Thought For The Day - Monday

Sent To Save

For God so loved the world that he gave his only Son, so that everyone who believes in him may not perish but may have eternal life. Indeed, God did not send the Son into the world to condemn the world, but in order that the world might be saved through him' John 3.16-17


What on earth am I here for? Welcome to the fifth reflection in this series on purpose.

There are many purpose-driven people in the bible. The writer to the Hebrews names some of them. They include Noah, Abraham, Sarah, Joseph, Moses, and Rahab. But the supreme example of a purpose-driven life, in the bible and in human history, is Jesus Christ.

What was that purpose? A Pharisee called Nicodemus wanted to know. He had already figured out that Jesus had a strong sense of purpose from the rumours he had heard from other Pharisees about Jesus’ teaching and miracles, and about his crowds of followers. But Nicodemus wanted to know what that purpose was. The obstacle in finding out was the other Pharisees. Should they spot him talking with Jesus, he could lose his life, as he had already heard them murmuring death threats against this Galilean troublemaker.

So, Nicodemus decides to meet with Jesus under the cover of darkness. He also decides that his opening lines should be as respectful, affirming, and non-confrontational as possible. He makes a good job of it: ‘Rabbi, we know that you are a teacher who has come from God; for no one can do these signs that you do apart from the presence of God.’ (Jn 1.2).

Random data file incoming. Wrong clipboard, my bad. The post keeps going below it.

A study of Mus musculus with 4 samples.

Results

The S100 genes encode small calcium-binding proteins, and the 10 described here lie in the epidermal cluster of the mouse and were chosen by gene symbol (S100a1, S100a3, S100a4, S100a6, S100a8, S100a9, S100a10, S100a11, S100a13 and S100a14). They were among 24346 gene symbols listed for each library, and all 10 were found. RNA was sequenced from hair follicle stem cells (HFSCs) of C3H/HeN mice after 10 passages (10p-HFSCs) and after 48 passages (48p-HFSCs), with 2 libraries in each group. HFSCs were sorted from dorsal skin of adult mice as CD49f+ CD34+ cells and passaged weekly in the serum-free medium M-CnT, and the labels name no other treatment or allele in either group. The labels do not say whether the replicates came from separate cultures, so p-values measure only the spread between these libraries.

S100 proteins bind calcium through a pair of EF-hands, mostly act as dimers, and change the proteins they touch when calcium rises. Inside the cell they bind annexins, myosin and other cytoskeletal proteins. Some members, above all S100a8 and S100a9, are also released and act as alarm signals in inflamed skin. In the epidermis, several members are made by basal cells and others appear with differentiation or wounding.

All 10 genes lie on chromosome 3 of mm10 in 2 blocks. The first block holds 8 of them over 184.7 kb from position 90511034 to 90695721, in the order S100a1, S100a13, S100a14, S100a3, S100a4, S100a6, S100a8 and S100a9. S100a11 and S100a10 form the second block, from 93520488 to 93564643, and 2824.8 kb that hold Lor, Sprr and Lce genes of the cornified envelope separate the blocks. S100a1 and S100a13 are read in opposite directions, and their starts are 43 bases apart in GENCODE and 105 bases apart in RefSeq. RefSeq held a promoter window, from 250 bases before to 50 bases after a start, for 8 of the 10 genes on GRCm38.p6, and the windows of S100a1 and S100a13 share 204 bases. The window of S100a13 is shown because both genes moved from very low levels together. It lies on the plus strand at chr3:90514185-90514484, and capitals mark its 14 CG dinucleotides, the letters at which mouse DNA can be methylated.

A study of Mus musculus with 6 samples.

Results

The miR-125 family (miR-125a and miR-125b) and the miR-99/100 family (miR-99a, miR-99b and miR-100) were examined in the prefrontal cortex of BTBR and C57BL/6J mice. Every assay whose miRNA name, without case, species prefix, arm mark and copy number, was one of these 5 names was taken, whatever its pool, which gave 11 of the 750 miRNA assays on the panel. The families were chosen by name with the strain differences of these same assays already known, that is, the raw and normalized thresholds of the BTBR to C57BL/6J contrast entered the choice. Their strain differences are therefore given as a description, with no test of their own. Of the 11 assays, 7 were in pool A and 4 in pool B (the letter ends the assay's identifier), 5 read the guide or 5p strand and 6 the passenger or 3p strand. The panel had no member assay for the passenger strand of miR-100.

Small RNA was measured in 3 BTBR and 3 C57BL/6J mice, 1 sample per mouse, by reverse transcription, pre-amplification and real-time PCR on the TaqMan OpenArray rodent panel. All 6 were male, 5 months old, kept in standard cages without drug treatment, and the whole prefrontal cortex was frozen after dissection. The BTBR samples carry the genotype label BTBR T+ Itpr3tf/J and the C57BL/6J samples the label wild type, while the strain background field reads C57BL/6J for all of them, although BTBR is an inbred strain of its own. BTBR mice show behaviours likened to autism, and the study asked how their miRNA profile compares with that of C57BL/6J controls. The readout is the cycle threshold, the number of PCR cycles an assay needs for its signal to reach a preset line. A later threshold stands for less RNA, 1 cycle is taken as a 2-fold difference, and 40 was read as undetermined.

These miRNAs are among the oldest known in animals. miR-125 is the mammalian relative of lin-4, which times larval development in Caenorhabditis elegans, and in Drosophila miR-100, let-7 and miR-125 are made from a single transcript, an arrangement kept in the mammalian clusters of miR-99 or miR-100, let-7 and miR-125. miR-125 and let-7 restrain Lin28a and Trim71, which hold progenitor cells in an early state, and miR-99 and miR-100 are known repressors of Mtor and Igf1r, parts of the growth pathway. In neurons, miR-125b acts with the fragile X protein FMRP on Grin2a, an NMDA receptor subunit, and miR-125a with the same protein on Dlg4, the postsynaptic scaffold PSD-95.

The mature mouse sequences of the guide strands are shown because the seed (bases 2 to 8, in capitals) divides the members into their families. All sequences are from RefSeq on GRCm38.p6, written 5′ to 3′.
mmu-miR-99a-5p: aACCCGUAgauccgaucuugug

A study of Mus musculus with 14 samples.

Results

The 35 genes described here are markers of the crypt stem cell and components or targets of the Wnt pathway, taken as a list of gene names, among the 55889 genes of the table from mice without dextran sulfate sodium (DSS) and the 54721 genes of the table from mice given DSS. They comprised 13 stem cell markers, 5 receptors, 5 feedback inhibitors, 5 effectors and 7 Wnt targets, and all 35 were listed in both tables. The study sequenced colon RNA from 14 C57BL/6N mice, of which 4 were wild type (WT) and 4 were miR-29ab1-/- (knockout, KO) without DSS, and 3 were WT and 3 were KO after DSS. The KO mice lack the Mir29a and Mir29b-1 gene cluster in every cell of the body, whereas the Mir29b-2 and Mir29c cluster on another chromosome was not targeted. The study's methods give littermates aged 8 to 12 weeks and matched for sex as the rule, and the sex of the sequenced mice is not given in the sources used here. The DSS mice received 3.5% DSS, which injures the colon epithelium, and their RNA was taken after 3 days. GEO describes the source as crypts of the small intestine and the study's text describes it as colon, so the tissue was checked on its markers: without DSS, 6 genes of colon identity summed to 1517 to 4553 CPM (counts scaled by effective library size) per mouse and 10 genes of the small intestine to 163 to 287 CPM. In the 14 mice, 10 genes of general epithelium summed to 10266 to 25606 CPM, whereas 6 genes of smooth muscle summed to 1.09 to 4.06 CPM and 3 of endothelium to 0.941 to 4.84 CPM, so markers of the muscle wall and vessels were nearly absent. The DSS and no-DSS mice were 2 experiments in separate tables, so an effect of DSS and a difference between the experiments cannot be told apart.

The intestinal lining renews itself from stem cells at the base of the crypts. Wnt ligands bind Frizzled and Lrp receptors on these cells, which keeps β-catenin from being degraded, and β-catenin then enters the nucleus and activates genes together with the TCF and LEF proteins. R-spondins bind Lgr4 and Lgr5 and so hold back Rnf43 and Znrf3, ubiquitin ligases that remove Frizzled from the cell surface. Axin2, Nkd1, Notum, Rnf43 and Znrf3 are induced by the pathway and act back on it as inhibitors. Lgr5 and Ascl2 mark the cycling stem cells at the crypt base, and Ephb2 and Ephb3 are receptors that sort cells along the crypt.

But in the conversation that follows, it becomes clear to Nicodemus that Jesus did not have a purpose of his own. He discovers, instead, that Jesus’ purpose was to fulfil the purposes of God. What then were those purposes? The answer comes in two of the most beautiful, memorable and influential verses in the whole of scripture, cited at the top of this reflection.

At St John’s church we hear these verses regularly in one of the most moving anthems in the repertoire of our amazing choir. It was composed by John Stainer (1840-1901), whose Crucifixion many choirs would now be preparing to sing in Holy Week, were it not for the pandemic. Stainer’s purpose was to glorify God through the raising of church music standards, battling failing eyesight to achieve it.

Today we have an opportunity to consider two of the verses that inspired Stainer in that quest. What does God’s purpose for the world, and what God did to demonstrate it, mean for our plans this week?  

The Revd Dr Peter S Heslam is Director of Faith in Business, and an Assistant Priest at St John’s.